A: If you're surfing around the Internet with Netscape 2.0, Microsoft's Internet Explorer 3.0, or a better browser, you've probably seen frames already. Frames are the device that allow developers to create pages that are broken into different segments. Each frame is actually a separate Web page. One of the best benefits to using them is that you can "target" the links in each frame -- in other words, you gain more control over how your site is presented to viewers.
Frames are a great tool if you have a Web project that's going to fill a lot of pages. Maybe you want the pages to flow in some sort of linear order or perhaps you want visitors to have control over which pages they hit in which order.
Using frames, you can set up an easy-to-use table of contents or other kind of navigation aid. By running a tool bar in a frame, you can keep your navigator on screen in the same place at all times, so users can navigate easily through your information.
As visitors follow the links, the new pages can come up in one of the other frames on the page or can even launch in a new window so that you can keep your Web site open while sending users to another site.
One thing to keep in mind: Because each frame is a separate document, they slow down load times for users.
On the plus side, you can define parts of the document to show up for people who don't have frame-capable browsers -- but it also means that you may have to create and update twice as many pages for your site.
Q: My new browser sounds an alarm when I'm given a 'cookie.' What is a cookie and should I be alarmed?
A: Net-Cookies are like real-world cookies. They're treats that Web sites give you. Of course, sometimes you get treats for doing things that other people want you to do.
On the technical side, cookies are bits of information that a Web site stores in a special file on your personal computer. The site can put information in that file and then read information from that file.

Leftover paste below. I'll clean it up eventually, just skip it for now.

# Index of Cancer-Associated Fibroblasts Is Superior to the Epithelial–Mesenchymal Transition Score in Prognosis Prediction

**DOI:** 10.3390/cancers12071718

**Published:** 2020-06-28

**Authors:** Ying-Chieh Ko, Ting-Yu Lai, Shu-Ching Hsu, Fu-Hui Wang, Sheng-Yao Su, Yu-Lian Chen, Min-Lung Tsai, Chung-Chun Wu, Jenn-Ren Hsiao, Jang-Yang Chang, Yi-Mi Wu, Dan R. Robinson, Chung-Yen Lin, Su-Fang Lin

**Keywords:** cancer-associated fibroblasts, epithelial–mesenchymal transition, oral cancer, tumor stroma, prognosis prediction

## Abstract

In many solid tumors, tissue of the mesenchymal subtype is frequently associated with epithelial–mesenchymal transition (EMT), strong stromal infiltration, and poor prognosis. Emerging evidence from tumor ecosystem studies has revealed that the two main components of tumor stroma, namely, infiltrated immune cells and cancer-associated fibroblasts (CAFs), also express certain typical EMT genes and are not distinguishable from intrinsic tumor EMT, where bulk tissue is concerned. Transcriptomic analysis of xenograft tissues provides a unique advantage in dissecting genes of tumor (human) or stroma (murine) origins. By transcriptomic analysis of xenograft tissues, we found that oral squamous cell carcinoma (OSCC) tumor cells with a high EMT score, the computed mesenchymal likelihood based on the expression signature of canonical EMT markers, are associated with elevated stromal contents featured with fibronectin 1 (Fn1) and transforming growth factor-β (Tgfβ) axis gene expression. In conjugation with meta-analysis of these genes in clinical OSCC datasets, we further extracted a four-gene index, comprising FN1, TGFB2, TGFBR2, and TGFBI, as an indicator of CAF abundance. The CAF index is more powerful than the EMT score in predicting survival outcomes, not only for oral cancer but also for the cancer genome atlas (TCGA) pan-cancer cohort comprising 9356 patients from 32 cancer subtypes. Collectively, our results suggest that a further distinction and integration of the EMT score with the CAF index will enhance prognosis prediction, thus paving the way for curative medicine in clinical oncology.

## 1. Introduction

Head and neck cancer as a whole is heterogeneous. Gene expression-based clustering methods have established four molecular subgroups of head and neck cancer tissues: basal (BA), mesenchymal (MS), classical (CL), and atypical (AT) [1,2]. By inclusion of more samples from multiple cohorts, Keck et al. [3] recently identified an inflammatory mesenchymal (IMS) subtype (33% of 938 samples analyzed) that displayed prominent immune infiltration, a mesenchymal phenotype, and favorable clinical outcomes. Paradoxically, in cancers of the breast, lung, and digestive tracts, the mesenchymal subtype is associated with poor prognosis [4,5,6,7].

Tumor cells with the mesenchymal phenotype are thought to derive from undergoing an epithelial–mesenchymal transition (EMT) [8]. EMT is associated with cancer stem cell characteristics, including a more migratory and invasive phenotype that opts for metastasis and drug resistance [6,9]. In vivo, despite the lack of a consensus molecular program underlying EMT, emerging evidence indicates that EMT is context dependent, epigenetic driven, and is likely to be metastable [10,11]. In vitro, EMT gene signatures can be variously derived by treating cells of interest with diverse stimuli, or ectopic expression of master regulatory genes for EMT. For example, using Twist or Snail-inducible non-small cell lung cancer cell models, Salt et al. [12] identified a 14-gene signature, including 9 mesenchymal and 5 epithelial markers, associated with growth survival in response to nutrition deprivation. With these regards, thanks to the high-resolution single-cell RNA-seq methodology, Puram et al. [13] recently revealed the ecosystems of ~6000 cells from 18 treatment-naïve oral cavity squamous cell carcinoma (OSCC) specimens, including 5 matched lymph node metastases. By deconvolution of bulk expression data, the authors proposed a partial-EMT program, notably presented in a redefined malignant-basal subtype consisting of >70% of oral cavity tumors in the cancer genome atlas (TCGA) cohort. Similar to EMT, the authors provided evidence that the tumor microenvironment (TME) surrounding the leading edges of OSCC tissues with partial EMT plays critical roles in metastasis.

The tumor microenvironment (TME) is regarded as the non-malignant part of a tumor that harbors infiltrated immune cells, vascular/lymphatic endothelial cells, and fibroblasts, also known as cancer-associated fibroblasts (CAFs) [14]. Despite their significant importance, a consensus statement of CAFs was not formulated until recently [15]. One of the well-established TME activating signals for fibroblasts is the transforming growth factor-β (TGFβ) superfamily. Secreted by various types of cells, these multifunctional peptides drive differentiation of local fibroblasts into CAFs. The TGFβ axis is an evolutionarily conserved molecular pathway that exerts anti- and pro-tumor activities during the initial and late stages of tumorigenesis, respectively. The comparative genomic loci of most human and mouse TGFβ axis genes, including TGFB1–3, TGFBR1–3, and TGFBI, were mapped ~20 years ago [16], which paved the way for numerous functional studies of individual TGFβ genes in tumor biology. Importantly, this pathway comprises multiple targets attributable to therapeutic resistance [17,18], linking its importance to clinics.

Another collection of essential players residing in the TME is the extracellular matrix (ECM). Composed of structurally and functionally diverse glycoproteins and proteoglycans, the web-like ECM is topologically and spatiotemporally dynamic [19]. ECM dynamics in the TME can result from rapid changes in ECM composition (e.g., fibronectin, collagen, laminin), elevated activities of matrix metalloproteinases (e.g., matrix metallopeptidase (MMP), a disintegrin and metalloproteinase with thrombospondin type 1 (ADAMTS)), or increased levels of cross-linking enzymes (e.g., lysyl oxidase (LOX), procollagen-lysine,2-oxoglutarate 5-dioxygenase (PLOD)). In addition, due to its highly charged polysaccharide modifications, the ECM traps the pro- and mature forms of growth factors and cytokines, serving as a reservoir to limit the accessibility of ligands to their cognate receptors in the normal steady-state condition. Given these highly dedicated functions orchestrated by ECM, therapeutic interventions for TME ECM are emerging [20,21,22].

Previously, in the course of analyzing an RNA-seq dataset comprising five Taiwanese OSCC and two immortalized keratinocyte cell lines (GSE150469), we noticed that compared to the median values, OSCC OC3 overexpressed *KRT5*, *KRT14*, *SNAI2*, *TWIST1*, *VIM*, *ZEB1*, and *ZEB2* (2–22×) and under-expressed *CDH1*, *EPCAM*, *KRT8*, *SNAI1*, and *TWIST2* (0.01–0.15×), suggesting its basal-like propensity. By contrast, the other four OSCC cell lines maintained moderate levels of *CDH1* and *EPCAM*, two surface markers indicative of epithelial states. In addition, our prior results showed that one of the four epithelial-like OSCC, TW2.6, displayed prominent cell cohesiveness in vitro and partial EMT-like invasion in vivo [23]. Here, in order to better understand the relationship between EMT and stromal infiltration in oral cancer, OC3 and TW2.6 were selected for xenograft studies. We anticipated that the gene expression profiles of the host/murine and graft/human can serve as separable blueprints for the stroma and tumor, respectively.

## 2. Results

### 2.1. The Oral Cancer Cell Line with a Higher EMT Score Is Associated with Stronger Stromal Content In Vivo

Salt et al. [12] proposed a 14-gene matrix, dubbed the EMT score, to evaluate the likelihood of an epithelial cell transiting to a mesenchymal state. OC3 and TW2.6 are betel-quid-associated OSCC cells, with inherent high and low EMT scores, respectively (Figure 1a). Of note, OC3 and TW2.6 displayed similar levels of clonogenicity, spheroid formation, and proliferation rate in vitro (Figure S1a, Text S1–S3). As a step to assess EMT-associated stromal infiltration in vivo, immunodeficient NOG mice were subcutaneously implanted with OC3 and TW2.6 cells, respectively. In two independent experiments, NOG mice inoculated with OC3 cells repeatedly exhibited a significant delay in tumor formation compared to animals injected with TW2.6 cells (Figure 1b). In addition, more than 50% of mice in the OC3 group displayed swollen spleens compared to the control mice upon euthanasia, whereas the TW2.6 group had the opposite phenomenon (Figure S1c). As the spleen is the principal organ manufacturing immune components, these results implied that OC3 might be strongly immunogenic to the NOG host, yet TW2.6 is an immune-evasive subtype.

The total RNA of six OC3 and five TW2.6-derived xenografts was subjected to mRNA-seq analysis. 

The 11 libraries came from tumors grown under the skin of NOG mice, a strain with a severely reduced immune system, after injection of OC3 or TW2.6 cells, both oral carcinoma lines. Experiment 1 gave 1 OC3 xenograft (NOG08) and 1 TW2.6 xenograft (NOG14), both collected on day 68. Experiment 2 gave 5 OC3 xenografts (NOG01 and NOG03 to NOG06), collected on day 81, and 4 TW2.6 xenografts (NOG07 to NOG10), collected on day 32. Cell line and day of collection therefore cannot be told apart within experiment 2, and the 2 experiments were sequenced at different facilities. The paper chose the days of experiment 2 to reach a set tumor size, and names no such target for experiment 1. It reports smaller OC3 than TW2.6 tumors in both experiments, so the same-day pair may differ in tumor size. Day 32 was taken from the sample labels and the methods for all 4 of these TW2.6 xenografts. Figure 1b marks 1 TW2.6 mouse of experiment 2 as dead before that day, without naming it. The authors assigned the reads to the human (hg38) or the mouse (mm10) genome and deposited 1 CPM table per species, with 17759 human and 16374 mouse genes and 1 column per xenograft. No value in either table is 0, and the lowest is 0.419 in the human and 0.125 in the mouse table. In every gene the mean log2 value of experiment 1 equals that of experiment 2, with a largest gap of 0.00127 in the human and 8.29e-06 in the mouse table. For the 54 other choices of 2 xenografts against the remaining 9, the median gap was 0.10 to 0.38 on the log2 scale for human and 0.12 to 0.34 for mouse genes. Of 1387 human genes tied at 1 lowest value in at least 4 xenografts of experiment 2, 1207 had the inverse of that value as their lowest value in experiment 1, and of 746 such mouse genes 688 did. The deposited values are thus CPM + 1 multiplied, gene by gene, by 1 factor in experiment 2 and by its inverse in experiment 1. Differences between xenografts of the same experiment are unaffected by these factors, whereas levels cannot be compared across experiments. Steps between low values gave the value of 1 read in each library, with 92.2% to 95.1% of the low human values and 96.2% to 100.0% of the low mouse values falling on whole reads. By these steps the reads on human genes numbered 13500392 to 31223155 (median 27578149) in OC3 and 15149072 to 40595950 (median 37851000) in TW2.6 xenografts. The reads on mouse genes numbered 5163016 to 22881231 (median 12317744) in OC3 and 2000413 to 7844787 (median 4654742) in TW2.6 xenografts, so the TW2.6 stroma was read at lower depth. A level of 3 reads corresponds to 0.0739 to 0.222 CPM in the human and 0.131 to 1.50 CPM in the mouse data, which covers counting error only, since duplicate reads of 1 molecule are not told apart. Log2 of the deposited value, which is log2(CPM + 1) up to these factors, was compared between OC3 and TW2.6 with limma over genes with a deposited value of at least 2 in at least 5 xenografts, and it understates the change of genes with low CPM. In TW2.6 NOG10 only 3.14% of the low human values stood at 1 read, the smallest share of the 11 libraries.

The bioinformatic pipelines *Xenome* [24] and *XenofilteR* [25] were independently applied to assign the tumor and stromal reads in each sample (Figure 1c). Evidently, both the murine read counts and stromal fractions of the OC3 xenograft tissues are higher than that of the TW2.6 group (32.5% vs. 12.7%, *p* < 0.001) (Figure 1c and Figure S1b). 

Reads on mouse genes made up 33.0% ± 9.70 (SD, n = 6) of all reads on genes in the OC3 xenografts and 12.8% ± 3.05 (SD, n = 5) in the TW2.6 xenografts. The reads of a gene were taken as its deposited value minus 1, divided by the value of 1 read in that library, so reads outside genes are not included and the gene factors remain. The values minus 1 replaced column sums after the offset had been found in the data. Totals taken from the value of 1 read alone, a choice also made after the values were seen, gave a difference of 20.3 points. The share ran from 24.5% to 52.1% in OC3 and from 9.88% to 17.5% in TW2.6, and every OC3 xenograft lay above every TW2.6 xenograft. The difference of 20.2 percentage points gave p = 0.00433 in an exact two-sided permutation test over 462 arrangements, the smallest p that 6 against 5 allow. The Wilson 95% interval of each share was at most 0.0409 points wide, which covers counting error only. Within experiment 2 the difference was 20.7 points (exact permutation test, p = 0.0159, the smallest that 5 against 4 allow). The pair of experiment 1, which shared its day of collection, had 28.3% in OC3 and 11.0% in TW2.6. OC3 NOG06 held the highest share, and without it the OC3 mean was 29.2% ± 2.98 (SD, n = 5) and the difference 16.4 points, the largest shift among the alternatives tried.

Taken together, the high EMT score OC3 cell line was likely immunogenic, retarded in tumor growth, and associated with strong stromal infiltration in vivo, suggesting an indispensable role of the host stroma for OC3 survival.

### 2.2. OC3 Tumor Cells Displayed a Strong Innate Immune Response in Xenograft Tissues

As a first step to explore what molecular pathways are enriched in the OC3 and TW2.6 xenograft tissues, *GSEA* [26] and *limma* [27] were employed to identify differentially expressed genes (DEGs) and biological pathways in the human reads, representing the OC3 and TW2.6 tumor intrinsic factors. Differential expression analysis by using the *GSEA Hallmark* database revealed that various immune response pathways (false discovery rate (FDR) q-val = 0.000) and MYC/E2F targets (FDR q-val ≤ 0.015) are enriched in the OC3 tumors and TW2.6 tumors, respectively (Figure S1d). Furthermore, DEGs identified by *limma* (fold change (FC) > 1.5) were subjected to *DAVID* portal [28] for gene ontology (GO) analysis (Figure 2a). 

What do you do with them? Cookies can be used to store registration information so that you don't have to log in to sites everytime you visit them.
For example, Hotwired allows registered users to save their log-in information into the cookie file. You get the convience of not having to log in (your treat). They get the records of your visits to their sites, which is good information to give to their advertisers (their treat).
They can't use a cookie to store any information about you that you don't give them. They can't pull up, say, what kind of computer you have with a cookie. There are other ways to do that. However, if you fill out a form on their site and tell them what kind of computer you have, they can store that in your cookie file, and find it when you visit their site again.
Cookies have certain attributes, including which site they are used with (Web sites can only read cookies their site has put there), an expiration date and any fields that users wish to define themselves (an example being the Microsoft Network.